Successful RADARS Winter Rally 2019

Successful RADARS Winter Rally 2019

Successful RADARS Winter Rally
Successful RADARS Winter Rally

Rochdale And District Amateur Radio Society (RADARS) recently held a very successful Winter Rally. A record 227 guests attended, which exceeds greatly exceeds the attendance of the Summer Rally held earlier this year and the Winter Rally held last year.

Furthermore, many people commented about how they enjoyed the rally and a number of traders reported good takings.

Successful RADARS Winter Rally
Some of the 227 guests

Instead of the usual burst of people coming in and then disappearing after a short visit that was seen at previous rallies, this time people seemed to stay for quite a time and the crowd did not really thin until about 1:00pm.

Guest speaker Keiran Wilkinson
Guest speaker Keiran Wilkinson

A major contributor to the success of the rally was guest speaker Keiran Wilkinson, IT Director at Hack:Oldham. He spoke about how you can use Computer Aided Design, 3D printing and laser cutting to create project enclosures and casings involvement.

So popular was his talk that it was delivered three times: the first at 10:30am and then twice more. And I am sure Keiran also generated interest for Hack:Oldham.

Successful RADArS Winter Rally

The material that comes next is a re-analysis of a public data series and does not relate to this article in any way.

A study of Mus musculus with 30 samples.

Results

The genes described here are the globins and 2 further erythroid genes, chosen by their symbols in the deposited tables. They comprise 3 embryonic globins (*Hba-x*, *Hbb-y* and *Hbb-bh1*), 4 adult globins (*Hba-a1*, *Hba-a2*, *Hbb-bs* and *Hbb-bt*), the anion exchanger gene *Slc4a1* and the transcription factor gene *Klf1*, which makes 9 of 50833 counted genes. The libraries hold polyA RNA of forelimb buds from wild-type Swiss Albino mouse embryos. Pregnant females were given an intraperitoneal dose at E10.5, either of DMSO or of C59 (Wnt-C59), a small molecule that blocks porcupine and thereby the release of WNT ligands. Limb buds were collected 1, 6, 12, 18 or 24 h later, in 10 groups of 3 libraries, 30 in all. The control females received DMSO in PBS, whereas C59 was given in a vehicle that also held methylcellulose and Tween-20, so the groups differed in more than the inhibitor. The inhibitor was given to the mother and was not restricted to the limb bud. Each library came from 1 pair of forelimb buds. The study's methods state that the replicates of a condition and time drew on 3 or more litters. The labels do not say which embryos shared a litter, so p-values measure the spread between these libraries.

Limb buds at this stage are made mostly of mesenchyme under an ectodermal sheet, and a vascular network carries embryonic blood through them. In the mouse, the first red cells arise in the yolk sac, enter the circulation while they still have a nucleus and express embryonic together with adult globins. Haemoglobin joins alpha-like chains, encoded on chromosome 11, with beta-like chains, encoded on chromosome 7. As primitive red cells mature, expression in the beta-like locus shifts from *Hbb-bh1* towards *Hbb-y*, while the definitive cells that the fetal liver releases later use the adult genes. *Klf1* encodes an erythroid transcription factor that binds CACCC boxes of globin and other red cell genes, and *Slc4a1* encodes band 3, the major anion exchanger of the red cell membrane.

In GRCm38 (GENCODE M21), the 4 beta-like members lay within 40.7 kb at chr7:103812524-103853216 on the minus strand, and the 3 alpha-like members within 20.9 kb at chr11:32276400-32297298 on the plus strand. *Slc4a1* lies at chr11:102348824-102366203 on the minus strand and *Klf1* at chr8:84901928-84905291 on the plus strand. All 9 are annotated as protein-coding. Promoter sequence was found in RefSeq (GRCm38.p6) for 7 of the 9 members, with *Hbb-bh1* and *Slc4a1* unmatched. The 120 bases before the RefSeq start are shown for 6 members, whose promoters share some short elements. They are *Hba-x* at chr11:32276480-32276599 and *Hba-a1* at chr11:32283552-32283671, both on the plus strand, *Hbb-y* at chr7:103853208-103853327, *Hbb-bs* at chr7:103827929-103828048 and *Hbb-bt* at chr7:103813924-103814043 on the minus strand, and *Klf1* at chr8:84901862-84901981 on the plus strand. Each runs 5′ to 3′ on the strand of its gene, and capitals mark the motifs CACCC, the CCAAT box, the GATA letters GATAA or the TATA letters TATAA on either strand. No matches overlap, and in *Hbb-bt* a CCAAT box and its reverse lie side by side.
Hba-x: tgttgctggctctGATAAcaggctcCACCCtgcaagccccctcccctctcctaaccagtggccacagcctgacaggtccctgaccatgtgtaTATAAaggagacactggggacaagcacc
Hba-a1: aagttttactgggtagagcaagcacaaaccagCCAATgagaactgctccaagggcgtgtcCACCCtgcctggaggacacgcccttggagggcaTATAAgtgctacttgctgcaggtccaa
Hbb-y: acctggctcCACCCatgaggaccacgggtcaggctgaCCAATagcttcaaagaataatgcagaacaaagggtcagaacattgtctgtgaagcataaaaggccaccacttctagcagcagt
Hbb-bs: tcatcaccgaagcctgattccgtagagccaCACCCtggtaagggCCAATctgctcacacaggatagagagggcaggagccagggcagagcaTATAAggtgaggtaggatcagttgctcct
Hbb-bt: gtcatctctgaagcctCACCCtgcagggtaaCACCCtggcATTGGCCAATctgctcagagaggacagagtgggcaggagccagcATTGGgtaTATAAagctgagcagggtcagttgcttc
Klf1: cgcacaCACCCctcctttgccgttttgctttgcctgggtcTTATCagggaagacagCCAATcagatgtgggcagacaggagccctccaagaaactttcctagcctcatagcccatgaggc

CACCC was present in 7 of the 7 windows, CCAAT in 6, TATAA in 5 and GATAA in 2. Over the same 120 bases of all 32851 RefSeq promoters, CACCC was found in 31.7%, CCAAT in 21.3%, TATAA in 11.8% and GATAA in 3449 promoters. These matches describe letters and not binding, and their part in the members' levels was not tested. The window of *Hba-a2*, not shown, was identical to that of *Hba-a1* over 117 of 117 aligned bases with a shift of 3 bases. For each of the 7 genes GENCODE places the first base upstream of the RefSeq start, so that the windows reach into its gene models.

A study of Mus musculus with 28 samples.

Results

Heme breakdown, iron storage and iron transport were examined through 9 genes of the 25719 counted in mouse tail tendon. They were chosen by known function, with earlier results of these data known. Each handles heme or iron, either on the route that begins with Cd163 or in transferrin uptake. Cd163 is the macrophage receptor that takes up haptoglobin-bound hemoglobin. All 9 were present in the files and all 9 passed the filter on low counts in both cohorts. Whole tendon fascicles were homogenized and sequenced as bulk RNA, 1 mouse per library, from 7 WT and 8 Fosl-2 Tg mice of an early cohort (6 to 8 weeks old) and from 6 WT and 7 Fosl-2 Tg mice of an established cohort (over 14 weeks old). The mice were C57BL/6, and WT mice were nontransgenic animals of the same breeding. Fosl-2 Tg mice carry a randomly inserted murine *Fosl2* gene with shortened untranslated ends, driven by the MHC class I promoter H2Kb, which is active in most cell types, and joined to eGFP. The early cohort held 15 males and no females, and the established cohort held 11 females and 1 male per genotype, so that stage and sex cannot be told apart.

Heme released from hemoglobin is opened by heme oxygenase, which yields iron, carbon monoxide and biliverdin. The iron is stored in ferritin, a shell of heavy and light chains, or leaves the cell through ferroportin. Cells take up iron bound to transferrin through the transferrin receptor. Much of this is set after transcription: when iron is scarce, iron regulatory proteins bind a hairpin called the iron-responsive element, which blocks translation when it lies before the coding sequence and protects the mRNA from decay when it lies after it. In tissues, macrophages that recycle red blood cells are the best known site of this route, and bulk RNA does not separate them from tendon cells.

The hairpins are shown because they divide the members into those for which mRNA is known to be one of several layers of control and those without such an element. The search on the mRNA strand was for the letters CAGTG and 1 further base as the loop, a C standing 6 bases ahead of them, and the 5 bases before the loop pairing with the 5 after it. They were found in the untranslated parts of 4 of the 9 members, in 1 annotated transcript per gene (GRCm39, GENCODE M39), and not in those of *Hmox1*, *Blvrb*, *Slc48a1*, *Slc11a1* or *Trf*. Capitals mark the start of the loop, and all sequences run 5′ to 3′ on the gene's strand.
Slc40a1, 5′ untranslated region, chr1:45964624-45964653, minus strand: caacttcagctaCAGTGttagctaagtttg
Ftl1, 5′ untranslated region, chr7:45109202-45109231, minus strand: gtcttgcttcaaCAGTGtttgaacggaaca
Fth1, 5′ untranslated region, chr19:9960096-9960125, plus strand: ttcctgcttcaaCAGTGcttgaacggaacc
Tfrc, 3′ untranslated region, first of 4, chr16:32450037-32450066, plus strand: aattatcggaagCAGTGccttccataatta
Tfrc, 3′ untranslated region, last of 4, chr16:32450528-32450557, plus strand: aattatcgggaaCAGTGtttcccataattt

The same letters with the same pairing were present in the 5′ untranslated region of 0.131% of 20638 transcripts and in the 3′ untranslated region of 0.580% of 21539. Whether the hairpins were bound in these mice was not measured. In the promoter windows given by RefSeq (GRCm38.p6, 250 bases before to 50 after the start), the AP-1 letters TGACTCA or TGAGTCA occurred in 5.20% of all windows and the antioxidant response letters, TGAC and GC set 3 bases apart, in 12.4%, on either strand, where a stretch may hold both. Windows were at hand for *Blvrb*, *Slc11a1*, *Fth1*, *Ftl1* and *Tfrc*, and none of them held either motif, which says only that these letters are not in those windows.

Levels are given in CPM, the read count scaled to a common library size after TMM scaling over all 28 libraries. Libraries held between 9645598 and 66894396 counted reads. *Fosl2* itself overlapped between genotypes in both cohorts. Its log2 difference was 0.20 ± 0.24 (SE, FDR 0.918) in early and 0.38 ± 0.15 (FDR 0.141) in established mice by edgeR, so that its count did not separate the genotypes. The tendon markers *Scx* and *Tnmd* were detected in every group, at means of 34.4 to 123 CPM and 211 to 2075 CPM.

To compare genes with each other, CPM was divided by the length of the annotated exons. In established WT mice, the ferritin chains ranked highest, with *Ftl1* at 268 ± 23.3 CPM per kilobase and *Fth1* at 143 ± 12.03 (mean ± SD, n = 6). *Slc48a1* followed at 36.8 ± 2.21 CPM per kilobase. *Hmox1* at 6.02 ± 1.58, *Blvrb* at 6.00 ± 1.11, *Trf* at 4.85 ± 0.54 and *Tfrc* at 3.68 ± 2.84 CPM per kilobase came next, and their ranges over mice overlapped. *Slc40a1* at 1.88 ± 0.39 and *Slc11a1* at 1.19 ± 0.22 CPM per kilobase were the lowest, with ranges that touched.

What is amateur radio?

Amateur radio is a popular technical hobby and volunteer public service. As a licensed amateur radio operator, you are permitted to transmit and receive radio signals on frequency bands allocated for use by amateur radio amateurs. Amateur radio operators use these designated bands of radio frequencies for non-commercial exchange of messages, wireless experimentation, self-training, and emergency communications. A 1910 announcement by the then HM Postmaster General licensed “experimental wireless”, which still uniquely gives radio amateurs the ability to innovate without commercial or statutory controls even in the closely regulated environment of the 21st century. Amateur radio is the only hobby governed by international treaty.

Amateur radio operators use the amateur radio bands for a variety of purposes:

  • Contacting people all over the world by radio which often leads to developing international friendships,
  • Competing in international competitions to test the effectiveness of their equipment and their skill as a radio operator,
  • Technical experimentation — many of the leaps forward in radio technology have been initiated by radio amateurs,
  • Communication through amateur space satellites or with the International Space Station (which carries an amateur radio station),
  • Providing communications at times of emergencies and undertaking exercises to maintain that capability.

There is no better way to explore the fascinating world of radio communications than by becoming a radio amateur.